Sometimes, although we struggle with an issue for years, there is one final piece of the puzzle that snaps into place that provides the entire picture. For me, that final piece was the death of Marcia Powell.
Last week, Marcia Powell, a convicted, imprisoned prostitute who suffered mental illness, was left for over four hours in an unshaded prison holding cage in the Arizona heat that reached 107. She collapsed and was taken to the hospital where the Arizona Department of Corrections (DOC) warden had her removed from life support. The New Times reports that "Court documents listed Powell's 'alleged disabilities' as 'disorganized schizophrenia, polysubstance abuse, and mild mental retardation.'" So why was she in prison for prostitution?
The mug shot DOC media chose to run was one of a one-toothed, wild-eyed woman. Comments, some supportive but many hateful like one on Arizona Central that said, "Good riddance," began to flood blogs reporting the incident. Even though DOC released a different photo a few days later, the hate-filled comments continue.
I found it ironic as I watched the news that night: Marcia Powell's hideous death did not lead the local news, pushed down by the death of a Phoenix ball player's wife. In fact, the police dog that recently roasted in a patrol car seems to have generated more publicity than did Marcia Powell.
Although I have known firsthand how most feel about prostitutes for almost 30 years, her death only emphasized this fact: when sex workers are beaten, raped, strangled, bludgeoned, maimed, thrown out of cars and into rivers, disfigured, mutilated, murdered, tortured, it does not matter. They are whores, hence disposable. Marcia Powell was the rule, not the exception.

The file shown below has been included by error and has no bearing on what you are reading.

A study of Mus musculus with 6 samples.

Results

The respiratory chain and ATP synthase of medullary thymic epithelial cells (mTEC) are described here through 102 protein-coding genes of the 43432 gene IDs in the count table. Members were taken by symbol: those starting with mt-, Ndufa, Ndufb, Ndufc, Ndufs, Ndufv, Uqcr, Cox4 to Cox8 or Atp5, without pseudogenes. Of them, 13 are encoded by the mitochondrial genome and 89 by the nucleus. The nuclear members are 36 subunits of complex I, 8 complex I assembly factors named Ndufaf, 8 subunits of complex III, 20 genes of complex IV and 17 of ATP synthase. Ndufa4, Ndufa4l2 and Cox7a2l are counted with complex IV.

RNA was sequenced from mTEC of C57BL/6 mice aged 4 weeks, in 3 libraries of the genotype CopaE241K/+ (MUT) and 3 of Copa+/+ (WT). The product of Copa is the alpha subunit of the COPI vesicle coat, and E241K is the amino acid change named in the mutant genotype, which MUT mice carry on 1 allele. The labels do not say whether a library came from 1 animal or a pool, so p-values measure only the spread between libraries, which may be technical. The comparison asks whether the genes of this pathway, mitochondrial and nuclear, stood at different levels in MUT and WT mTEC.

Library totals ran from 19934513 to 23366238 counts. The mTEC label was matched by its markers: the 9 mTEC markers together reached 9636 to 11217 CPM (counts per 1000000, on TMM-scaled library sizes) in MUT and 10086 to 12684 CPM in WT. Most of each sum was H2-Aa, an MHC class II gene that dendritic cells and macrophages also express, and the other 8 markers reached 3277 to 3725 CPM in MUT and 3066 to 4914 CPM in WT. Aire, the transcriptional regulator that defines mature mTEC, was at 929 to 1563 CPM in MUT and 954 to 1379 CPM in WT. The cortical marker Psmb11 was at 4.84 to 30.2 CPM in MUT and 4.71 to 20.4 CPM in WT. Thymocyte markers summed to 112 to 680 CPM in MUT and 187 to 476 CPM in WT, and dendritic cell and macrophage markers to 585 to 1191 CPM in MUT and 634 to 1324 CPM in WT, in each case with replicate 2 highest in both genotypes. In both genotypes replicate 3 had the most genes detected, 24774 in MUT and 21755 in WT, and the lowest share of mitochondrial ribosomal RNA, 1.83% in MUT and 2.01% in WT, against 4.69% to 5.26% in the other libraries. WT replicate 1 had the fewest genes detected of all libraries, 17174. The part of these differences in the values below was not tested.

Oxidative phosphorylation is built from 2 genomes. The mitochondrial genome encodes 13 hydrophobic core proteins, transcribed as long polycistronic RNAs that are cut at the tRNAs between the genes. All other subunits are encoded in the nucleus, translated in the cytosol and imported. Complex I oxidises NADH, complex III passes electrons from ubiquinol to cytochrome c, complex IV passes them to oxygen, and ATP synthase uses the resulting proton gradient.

After a harrowing decade of debasement, I narrowly escaped the sex industry over 20 years ago. Today, I hold a masters degree, am a productive member of society, am respected in my career and volunteer with women attempting to leave the life. But I know that I am not doing enough to help other women, at least not on a policy level, where I can be most effective.
Yes, I can give a hand, one at a time, to a woman fleeing the life. Yes, I can share my experience perhaps because I was fortunate enough to have parents who never abandoned me and family who supported me in my efforts to change. But what about the women and children, male and female, who have no one to turn to?
In the United States, there are only a handful of centers that assist women in leaving prostitution, fewer still for those under 18. The average age of entry into prostitution in this country is less than 14 years old. I, too, ran away at 15 and became a prostitute at 16. It is only through Grace that I was able to claw my way back to sanity. And today, 20 years later, I am still damaged, suffer post-traumatic stress and live, for all purposes, a double life because I cannot talk openly about my past. Yet I am fortunate, I know that.
Marcia Powell's death was a clarion call for me, a call to begin to help change the paradigm that surrounds the sex industry. I may lose my anonymity in the process, but I am no longer so important. The pain of my silence is now greater than my fear of speaking out.
Tomorrow I will attend Marcia Powell's vigil, sponsored by a church that seems to understand the word "justice." There is no one to bury Marcia Powell, no one found to claim her. But I and many others will be there to honor not just her memory, but the memory of the thousands of slain prostitutes who died without justice. I am finally standing. I am no longer afraid to speak out.
God bless you and keep you until we meet again.